Making an impact

Music professor helps Midlands community with new arts school

Some professors at the University of South Carolina have waited a long time for a charter school in the Midlands that would provide a free public education to middle and high school students interested in the arts. After years of planning and preparation, that wait is finally over.

The Midlands Arts Conservatory, located at 3806 North Main St., in the Eau Claire neighborhood, will open its doors on Aug. 20. It will be the first charter school in the Midlands that allows students to choose which art education they would like to pursue, ranging from dance, music, theater to the visual arts.

Robert Jesselson is a Carolina distinguished professor emeritus in the School of Music and a Midlands Arts Conservatory board member. Jesselson, who was named the Governor’s Professor of the Year in 2013 and was head of the USC String Project for 15 years, has worked to bring the arts to primary and secondary education students.

“There’s a lot of research that has been done on the effect on the brain of the arts and how that helps with self-discipline, with school attendance, with SAT scores,” Jesselson says. “The research has been done, and it’s clear that the arts have an enormous impact on who we are — and who we are as a society.”

Now that the school is officially opening, there will be opportunities for the university to work closely with the charter school, including the Suzuki Academy program, which offers children ages 3 and older lessons for the violin, viola, cello and guitar.

“The kids will have access to many things here at the university,” Jesselson says. “A good example of that is our Suzuki program, which is a big part of what we’re doing with our outreach from the School of Music, which is also going to be connected with the Midlands Arts Conservatory. It’s going to start small and, as it grows, I think the connections with the university and community will deepen.”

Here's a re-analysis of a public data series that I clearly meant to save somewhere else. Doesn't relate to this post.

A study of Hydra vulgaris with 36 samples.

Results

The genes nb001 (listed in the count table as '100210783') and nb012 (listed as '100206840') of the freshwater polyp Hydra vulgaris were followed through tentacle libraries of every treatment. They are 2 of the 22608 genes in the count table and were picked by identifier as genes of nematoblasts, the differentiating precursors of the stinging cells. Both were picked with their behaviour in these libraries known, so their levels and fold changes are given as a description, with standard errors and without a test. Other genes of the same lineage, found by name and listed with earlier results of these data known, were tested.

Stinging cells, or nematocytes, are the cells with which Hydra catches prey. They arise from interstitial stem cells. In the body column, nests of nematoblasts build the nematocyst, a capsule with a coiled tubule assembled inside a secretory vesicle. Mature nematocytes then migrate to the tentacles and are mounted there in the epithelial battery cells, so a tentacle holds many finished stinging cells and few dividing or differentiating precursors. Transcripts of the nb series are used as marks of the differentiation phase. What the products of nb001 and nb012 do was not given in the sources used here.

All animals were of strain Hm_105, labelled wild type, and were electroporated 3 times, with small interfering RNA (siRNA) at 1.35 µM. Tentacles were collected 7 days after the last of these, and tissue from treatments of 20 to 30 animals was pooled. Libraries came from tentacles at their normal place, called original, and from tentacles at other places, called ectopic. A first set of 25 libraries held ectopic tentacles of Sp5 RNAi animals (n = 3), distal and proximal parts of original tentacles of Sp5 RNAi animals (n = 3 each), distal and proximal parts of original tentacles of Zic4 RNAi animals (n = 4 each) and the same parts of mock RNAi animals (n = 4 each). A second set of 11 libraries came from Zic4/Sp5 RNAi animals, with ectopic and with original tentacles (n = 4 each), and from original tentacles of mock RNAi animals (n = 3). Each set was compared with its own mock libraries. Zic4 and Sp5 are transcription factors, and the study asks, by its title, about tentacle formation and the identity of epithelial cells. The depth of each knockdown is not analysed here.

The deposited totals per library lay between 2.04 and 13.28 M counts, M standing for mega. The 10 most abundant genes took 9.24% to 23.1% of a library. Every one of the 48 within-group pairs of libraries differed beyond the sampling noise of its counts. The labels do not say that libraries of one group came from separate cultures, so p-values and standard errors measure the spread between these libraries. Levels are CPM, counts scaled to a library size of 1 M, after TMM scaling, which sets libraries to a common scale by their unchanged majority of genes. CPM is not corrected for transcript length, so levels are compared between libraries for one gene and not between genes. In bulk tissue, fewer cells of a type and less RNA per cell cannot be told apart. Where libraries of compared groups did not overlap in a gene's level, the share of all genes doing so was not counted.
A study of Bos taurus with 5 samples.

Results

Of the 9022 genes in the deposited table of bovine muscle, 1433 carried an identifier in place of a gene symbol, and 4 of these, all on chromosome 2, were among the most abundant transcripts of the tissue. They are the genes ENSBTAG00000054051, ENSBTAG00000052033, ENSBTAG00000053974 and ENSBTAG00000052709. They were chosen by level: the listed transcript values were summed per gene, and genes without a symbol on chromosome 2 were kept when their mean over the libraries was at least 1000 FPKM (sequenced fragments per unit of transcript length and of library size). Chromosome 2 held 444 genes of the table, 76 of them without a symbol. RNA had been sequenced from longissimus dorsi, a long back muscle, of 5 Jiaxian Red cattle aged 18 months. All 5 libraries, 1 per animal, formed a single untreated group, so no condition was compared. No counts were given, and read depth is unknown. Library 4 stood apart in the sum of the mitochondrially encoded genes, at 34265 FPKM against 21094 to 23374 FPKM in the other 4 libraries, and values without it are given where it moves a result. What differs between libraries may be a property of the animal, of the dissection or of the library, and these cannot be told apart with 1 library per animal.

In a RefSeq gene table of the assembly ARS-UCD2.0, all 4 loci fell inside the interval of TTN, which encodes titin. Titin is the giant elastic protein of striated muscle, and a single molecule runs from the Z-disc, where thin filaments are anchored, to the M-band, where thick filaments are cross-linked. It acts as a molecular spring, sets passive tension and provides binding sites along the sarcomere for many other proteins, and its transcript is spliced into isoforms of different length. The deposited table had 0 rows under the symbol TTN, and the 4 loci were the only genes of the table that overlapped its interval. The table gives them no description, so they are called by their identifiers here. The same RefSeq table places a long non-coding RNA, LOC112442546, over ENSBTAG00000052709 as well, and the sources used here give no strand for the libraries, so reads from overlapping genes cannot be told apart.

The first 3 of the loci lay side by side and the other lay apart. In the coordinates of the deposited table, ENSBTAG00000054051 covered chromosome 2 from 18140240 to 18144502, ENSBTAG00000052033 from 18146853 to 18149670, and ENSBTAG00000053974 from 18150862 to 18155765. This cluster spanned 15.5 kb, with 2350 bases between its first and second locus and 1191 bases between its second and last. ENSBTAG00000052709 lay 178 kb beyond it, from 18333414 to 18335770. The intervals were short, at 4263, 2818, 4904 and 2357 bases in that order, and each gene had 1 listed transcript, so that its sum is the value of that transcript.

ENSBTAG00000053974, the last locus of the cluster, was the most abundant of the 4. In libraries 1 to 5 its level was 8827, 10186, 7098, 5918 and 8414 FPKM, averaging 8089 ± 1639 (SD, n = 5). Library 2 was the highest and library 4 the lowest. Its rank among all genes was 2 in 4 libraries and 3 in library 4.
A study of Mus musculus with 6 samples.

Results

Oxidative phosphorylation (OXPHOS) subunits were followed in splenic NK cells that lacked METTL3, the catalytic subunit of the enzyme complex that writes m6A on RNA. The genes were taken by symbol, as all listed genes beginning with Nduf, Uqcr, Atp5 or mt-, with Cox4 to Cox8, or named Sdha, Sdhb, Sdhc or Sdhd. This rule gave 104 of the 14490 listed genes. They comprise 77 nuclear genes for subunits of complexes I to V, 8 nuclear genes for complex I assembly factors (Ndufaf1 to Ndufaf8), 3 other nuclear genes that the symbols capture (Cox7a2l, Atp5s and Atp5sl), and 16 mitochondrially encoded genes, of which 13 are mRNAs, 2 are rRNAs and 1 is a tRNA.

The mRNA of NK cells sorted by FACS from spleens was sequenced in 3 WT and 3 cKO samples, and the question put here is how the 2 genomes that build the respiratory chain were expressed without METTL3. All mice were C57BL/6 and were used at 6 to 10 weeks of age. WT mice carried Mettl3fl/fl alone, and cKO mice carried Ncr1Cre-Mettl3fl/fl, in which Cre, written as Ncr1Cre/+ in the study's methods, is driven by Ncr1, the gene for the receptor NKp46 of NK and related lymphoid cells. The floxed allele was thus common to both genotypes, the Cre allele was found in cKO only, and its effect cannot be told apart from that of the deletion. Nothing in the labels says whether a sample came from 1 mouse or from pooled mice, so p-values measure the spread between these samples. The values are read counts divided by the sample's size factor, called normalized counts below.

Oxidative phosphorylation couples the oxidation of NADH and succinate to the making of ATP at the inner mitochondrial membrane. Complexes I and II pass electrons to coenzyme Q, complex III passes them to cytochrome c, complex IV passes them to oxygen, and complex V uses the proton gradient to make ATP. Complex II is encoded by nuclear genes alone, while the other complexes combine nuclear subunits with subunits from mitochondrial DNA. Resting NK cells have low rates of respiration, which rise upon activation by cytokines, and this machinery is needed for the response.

Jesselson, who has been with the charter school since its inception, believes an arts education is valuable, no matter which career path students choose.

“It’s very important that the arts be a part of our lives, no matter what the profession is,” Jesselson says. “We want to prepare students not only for art careers, but also for just being artists themselves and then going off in other directions and becoming great lawyers and doctors and supporting the arts.”

The kids will have access to many things here at the university ... It’s going to start small and, as it grows, I think the connections with the university and community will deepen.

Robert Jesselson, Carolina distinguished professor emeritus and Midlands Arts Conservatory board member

The school will have 120 sixth- and seventh-graders in its first year. Organizers plan to add one grade level each year, eventually being available for sixth- through 12th-grade students.

Students from across the state can visit the Midlands Arts Conservatory website to submit a free application. If the number of applicants exceeds the number of available spots, students will be selected by random public lottery.

Shannon Hickey, principal at the Midlands Arts Conservatory, has worked closely with the professors on the board.

“The Midlands Arts Conservatory is very fortunate to have so many great connections to the University of South Carolina,” Hickey says. “Moving into the Columbia area and being a part of this project, I have seen firsthand the impact the University of South Carolina is making in the lives of students, collegiate and K-12 alike.”

Learn more

Visit the Midlands Arts Conservatory website to learn more about the school.